At the forefront of fashion in the sixties and seventies, Chelsea has been considered chic since the fifteen hundreds.
Elvis Costello may not have wanted to go there, but Chelsea has long been one of London’s most sought-after neighbourhoods. Once a wharf for chalk or limestone (which is what its name originally meant), it was already hosting church synods in the eighth century. By the seventeenth century it was a village, still separated from London by open country. You could walk it, sure, but the road was bad, and frequented by highwaymen.
That fact didn’t stop Henry VIII’s saintly Catholic Lord Chancellor Thomas More from having a residence built here in 1520, which he lived in for the next fifteen years, before he was led off the Tower to part company with his head. Similarly detached, Kensal Town, the area around Trellick Tower in North Kensington, was an exclave of the parish of Chelsea, and was known as “Chelsea-in-the-Wilderness”. When Chelsea became a metropolitan borough in 1900, Kensal Town was forcibly removed and given to neighbouring Kensington, only to be reunited with Chelsea when the two boroughs were amalgamated in 1965.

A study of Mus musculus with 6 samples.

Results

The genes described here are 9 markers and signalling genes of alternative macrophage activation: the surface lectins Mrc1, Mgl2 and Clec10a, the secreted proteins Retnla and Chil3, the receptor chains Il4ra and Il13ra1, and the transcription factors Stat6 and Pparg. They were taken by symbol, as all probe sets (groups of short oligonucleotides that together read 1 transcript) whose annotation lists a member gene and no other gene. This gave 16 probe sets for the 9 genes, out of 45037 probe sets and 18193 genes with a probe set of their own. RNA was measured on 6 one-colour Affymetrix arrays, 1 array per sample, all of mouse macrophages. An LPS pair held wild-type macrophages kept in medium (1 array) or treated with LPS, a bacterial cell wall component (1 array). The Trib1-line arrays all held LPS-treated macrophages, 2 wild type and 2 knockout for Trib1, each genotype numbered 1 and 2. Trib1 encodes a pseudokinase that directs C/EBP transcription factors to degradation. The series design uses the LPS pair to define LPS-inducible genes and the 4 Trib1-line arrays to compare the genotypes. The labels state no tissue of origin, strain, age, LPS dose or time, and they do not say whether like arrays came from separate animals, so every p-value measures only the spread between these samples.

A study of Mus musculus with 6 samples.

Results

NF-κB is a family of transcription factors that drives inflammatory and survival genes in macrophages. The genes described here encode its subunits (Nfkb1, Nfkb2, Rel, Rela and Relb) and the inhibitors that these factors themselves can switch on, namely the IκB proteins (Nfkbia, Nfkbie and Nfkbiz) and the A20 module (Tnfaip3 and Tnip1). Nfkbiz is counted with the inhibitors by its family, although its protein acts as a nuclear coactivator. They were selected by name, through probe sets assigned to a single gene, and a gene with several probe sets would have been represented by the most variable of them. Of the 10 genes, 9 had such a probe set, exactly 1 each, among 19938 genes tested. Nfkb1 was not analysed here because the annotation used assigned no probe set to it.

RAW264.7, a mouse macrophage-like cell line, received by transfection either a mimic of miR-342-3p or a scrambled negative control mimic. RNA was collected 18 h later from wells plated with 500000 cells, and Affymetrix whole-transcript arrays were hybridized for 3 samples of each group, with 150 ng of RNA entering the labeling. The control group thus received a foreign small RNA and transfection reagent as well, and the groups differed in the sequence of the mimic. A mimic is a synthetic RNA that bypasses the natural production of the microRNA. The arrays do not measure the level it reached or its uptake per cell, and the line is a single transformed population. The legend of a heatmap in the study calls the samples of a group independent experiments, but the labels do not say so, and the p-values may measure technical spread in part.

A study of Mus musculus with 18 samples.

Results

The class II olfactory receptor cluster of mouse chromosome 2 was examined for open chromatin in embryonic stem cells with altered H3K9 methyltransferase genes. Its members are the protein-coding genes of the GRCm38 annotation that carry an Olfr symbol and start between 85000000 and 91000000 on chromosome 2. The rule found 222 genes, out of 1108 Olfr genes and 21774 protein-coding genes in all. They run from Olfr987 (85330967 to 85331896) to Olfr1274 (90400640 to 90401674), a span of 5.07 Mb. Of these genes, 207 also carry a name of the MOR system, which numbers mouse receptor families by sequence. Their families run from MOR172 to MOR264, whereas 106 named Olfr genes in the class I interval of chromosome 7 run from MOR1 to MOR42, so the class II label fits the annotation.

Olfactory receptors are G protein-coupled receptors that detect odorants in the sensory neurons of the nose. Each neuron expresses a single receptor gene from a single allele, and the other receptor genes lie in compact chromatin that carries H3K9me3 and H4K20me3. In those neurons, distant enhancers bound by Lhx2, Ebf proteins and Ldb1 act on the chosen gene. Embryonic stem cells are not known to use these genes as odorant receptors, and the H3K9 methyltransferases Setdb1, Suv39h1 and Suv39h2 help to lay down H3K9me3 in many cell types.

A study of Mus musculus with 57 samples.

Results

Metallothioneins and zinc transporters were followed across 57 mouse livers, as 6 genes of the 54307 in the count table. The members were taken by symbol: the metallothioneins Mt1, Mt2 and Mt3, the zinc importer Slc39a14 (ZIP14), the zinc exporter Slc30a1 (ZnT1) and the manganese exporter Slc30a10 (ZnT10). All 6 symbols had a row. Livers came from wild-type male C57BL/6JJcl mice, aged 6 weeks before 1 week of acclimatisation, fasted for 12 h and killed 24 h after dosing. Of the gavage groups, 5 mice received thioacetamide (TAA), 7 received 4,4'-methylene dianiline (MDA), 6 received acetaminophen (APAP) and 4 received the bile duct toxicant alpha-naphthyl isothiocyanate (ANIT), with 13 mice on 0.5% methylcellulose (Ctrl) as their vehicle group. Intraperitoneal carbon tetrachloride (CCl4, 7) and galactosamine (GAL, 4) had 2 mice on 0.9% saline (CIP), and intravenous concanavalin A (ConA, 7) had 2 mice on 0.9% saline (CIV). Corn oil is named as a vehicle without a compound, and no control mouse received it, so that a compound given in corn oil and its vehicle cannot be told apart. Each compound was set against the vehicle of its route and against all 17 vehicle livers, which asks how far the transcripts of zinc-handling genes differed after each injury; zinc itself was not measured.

The King’s Road really was at one time the king’s private road (to and from his palace at Kew), but with a queen on the throne in the 1960s, the Mods made the street into something of a fashion centre. Mary Quant’s boutique, Bazaar, in particular was a big favourite with Mod women. A decade later, Punk was the main youth movement, and it was Vivienne Westwood and Malcolm McLaren who kept the King’s Road in the fashion limelight with their clothes shop, SEX. Since then, shopping here has gone rather more upmarket, and street-level youth movements have moved on elsewhere.
Chelsea is famous for its boots, its buns, its pensioners and its tractors. It’s hosted its annual Flower Show since 1913. The buns were invented at Chelsea’s original Bun House, which stood on what’s now Royal Hospital Road from the early eighteenth century until its last owner’s death in 1839. Gulliver’s Travels author Jonathan Swift ate one in 1711. It cost him a penny and he didn’t like it, but he was in a minority (he was after all a misanthrope and a Tory), and the buns became so popular that there were often huge queues to buy them. Even royalty were known to sample them, and several of the Georges who reigned in Georgian times were big fans, so it wasn’t just pudding and pie that they ate.